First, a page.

A Smart Grid Can Help Sustain Indonesia’s Growth
With its rapid growth, Indonesia faces a daunting challenge to upgrade its various critical infrastructures — from roads to airports to energy infrastructure. Yet the price the country will pay in failing to invest in its infrastructure is enormous.
Last week, once again, we saw Indonesia’s largest airport and main gateway crippled by a blackout caused by a breakdown in its electrical infrastructure. More than 100 flights and thousands of people were affected. While this particular occurrence was relatively brief and did not cause any casualties, incidents such as this damage investor confidence and the country’s image.
The country has historically lagged behind its neighbors in infrastructure investments. In 2011, Indonesia spent about 1.7 percent of its gross domestic product on infrastructure, compared to Malaysia’s 5.4 percent and Thailand’s 3.6 percent. Experts believe Indonesia needs to spend much more in infrastructure to continue its impressive growth streak.
With its inadequate energy infrastructure, Indonesia experiences blackouts relatively frequently. Several years ago, a massive power outage left more than 100 million people — approximately half of the country’s 240 million population — without electricity for hours.
The Electric Power Research Institute estimated that annual power outages cost the US economy about $150 billion per year. Extrapolating this for the size of the Indonesian economy — with a GDP of approximately $1 trillion compared to the US GDP of $15 trillion — power outages have the potential of costing the Indonesian economy of approximately $10 billion per year. This shows a clear need for a smart strategy to generate, distribute and manage the country’s energy resources to fuel Indonesia’s growing economy sustainably.
The country needs to take innovative approaches in the energy sector to answer the challenges of increasing energy demands, inadequate energy infrastructure, and the need to reduce greenhouse gas emissions. President Susilo Bambang Yudhoyono has set an ambitious plan to cut emissions by 26 percent by 2020, while at the same time setting an economic growth target of more than 6 percent.
A smart grid can help the country modernize its energy infrastructure by enabling enhanced energy efficiency, improved grid reliability and the integration of more renewable and distributed energy resources.
What is a smart grid exactly?
While there is no one definition of a smart grid, it is essentially the layering of intelligence across our whole energy value chain — from generation to transmission to distribution to the homes and buildings, and even to beyond the homes and buildings all the way to distributed energy resources such as smart appliances, solar panels, storage and electric vehicles. By layering this intelligence, the smart grid essentially creates a two-way communication between our energy supply and energy demand, which results in a more balanced and efficient system of energy supply and demand.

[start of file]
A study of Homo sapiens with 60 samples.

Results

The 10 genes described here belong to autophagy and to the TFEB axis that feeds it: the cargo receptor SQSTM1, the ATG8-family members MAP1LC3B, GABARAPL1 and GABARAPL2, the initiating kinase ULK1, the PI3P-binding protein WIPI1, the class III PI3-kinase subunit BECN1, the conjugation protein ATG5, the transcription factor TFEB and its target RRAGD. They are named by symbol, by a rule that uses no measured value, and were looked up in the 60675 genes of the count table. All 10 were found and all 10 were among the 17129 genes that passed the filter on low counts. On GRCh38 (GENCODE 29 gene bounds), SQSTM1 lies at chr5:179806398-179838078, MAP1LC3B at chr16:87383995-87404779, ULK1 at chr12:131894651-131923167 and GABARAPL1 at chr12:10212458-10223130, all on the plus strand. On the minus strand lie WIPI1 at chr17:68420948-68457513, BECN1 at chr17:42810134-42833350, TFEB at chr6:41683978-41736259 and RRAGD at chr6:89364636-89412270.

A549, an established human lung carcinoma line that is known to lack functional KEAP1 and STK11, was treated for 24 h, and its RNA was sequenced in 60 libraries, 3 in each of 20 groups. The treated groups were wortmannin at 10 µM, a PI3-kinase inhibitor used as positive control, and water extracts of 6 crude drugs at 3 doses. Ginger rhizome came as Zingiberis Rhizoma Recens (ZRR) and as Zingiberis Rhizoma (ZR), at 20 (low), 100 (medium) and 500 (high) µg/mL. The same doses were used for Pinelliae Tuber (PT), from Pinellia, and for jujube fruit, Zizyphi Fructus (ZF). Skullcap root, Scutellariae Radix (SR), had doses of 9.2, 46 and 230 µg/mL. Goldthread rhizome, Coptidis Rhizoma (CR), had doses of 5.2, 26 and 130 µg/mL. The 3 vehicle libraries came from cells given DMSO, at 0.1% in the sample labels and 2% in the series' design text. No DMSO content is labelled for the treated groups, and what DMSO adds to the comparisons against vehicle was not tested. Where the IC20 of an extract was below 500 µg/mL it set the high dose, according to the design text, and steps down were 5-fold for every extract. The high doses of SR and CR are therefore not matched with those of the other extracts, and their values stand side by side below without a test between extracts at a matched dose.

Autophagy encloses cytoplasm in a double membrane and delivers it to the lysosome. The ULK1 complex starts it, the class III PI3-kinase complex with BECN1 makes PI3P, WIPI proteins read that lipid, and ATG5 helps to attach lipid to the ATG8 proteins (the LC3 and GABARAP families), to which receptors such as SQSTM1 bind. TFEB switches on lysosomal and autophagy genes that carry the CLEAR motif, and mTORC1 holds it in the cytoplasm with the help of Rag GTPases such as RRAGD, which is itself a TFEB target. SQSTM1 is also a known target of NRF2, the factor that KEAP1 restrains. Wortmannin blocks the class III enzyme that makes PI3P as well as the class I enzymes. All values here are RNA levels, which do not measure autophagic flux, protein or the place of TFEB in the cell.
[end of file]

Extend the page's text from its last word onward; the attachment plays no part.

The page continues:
To improve grid reliability, a smart grid can help reduce both the number and duration of outages by quickly pinpointing the cause and in some cases, automatically restoring power quickly. A smart grid can also prevent massive blackouts by isolating an outage and ensuring that it does not cascade to other areas. Recently, some utilities in the eastern United States have found that their investments in smart grid technologies made a difference in the herculean efforts to restore power to millions of customers adversely affected by hurricane Sandy.
As a smart grid is just an implementation of technology, the country needs to have a smart energy strategy that embraces both current and future energy infrastructures. In some areas where the energy infrastructure is non-existent, the country has the potential to leapfrog to smart grids and renewable energy, instead of focusing on building traditional power systems. In other areas where the current energy infrastructure exists but needs upgrading, the country needs a cohesive strategy that up-levels the traditional infrastructure today while at the same time keeps an eye for the advanced needs of tomorrow.
Indonesia has the choice — and the opportunity — to overcome many of its energy challenges, such as poor infrastructure, low reliability, supply/demand imbalance, and environmental impacts, through the embrace of a cohesive smart energy strategy for the creation of a smarter grid. With the right choice, Indonesia has the golden opportunity to serve as a role model, not only for Southeast Asia, but also the world.
Sonita Lontoh is an executive at a leading Silicon Valley smart grid company. She is the recipient of the Indonesian Diaspora award and has been named a Global Emerging Leader under 40.